Spanish researchers from Biomedical Research Institute of Malaga (IBIMA) and the Regional University Hospital of Malagain collaboration with the CSIC, have developed a protein called I-SOL which represents a great advance in the fight against infections caused by viruses such as SARS-CoV-2 or the HIV (human immunodeficiency virus). To create this protein, they have based themselves on a molecule that is naturally present in the human body, which is known as the soluble interferon beta receptor and whose properties allow it to fight viruses, stop their reproduction and modulate our immune system.
Initially, the intention of these scientists was to use I-SOL to improve the treatment of multiple sclerosis, a neurological disease that affects the nervous system and interferes with its functions. However, the results of the studies showed that the protein has antiviral activity on its own, making it an ideal candidate for antiviral drug development.
This scientific project arose in the Neuroimmunology and Neuroinflammation group of IBIMA Plataforma BIONAND, whose lead researcher is Pedro Serrano. The initial objective of the project whose main investigator is Begoña Oliver was to find new ways to treat multiple sclerosis, but the researchers discovered the potential of I-SOL in the treatment of viral infections. In fact, they are now working together with a company to develop a commercial kit based on this protein.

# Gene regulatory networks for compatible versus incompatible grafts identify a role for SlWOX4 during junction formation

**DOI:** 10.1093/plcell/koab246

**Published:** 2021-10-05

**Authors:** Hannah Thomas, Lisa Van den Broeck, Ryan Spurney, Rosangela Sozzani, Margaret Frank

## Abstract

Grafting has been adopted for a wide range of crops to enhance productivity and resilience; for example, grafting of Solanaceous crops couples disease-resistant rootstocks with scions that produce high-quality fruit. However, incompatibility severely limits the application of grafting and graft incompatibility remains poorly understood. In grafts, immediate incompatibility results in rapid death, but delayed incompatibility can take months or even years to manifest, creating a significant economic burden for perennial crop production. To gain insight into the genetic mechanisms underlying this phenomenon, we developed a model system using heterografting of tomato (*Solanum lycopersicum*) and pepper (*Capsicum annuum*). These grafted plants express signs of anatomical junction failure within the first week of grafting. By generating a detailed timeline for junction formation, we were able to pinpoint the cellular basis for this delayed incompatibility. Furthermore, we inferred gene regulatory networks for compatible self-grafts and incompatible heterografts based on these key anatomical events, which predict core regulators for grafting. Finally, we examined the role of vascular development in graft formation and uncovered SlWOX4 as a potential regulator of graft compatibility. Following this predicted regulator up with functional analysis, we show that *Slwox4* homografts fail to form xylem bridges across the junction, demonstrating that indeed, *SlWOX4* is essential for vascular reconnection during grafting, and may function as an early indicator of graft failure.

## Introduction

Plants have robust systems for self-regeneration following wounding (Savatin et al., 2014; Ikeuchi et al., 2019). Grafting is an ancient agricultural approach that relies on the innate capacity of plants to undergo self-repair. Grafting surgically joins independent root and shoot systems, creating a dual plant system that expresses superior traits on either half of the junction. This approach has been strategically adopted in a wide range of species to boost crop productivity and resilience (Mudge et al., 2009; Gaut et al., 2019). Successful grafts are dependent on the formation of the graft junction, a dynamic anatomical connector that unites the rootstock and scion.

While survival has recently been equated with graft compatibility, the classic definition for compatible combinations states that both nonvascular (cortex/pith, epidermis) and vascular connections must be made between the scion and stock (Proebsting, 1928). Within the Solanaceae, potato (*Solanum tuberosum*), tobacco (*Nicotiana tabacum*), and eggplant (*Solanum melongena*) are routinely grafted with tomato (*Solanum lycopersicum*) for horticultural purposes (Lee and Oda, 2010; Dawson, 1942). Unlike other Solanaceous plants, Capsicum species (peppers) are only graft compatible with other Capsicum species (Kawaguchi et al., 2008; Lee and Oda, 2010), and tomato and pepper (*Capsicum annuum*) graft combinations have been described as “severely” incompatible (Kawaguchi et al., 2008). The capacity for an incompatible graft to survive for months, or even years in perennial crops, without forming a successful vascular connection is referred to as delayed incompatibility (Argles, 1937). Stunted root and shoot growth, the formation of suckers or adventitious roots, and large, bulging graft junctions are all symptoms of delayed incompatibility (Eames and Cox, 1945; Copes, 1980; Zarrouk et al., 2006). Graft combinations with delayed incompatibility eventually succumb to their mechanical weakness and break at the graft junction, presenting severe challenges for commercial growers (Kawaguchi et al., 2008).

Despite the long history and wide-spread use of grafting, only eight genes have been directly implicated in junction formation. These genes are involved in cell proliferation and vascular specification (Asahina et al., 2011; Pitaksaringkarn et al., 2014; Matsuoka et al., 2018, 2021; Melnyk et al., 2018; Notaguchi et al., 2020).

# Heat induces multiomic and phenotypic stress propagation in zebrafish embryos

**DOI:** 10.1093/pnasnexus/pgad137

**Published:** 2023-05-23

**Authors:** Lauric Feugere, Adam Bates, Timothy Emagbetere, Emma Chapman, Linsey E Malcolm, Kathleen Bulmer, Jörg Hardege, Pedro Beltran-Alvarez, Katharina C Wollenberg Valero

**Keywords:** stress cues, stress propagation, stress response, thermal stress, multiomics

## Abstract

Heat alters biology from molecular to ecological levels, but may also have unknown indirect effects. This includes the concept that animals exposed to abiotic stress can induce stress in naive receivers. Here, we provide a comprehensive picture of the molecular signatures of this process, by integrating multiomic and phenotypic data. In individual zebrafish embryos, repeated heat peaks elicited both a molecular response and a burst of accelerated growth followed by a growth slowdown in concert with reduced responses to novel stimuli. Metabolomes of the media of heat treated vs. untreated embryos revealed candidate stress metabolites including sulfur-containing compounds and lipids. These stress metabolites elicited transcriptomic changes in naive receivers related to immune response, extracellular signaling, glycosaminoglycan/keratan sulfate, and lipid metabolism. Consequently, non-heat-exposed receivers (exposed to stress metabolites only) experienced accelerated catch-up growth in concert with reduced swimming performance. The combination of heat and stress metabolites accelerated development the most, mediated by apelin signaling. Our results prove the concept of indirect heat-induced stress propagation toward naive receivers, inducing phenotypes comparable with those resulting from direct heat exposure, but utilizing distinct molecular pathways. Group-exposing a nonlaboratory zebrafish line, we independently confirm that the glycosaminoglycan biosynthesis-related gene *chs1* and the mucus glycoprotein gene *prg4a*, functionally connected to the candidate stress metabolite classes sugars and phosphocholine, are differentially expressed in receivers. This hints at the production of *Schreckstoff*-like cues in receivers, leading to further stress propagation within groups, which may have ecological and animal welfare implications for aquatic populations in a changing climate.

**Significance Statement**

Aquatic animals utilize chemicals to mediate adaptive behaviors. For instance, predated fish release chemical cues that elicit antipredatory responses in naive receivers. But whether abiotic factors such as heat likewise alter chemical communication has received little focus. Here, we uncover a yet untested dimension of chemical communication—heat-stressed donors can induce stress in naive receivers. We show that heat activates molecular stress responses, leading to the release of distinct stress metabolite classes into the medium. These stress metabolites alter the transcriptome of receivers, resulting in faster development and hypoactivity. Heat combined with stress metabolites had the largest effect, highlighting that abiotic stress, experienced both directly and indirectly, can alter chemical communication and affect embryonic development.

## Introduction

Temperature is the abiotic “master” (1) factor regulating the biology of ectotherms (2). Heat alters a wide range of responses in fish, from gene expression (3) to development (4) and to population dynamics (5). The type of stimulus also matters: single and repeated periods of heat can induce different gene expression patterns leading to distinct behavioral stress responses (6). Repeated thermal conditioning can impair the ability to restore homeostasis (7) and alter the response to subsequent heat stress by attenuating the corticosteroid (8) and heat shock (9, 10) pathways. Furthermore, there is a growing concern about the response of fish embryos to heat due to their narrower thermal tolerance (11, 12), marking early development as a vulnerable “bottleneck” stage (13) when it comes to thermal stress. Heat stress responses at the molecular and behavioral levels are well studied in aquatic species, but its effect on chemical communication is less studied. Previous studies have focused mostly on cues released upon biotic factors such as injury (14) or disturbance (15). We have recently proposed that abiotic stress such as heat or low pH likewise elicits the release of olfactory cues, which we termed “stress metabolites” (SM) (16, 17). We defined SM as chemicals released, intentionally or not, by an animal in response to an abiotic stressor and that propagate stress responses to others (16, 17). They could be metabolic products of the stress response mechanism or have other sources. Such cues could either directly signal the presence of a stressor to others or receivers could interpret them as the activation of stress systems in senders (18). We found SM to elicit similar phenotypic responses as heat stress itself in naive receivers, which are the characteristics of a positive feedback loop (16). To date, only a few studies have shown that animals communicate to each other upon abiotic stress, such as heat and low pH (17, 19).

Developing effective, broad-spectrum antiviral treatments
One of the main objectives of researchers working in the field of virology and medicine is to develop new effective and broad-spectrum antiviral treatments, and current strategies focus on reducing or eliminating the ability of viruses to infect and on enhance the capacity of our natural defense system. However, they must solve challenges, such as the resistance of pathogens to drugs and the lack of specificity in the treatment of unknown viruses.
Several research groups have carried out various trials that have confirmed the efficacy of I-SOL against viruses such as the coronavirus responsible for COVID-19 and HIV.
Thanks to the positive results obtained regarding the antiviral activity of I-SOL, collaborations were established with other research groups, such as Antonio Alcamí from the Severo Ochoa Molecular Biology Center of the Higher Council for Scientific Research (CSIC) and José Alcamí. and Luis Enjuanes, from the National Center for Microbiology of the Carlos III Health Institute (ISCIII). These groups have carried out various trials that have confirmed the efficacy of I-SOL against viruses such as the coronavirus responsible for COVID-19 and HIV.
Begoña Oliver and her team continue to work on this project and seek funding to publicize these results and attract the attention of pharmaceutical companies interested in collaborating on the trials that are needed for this promising drug to reach the market.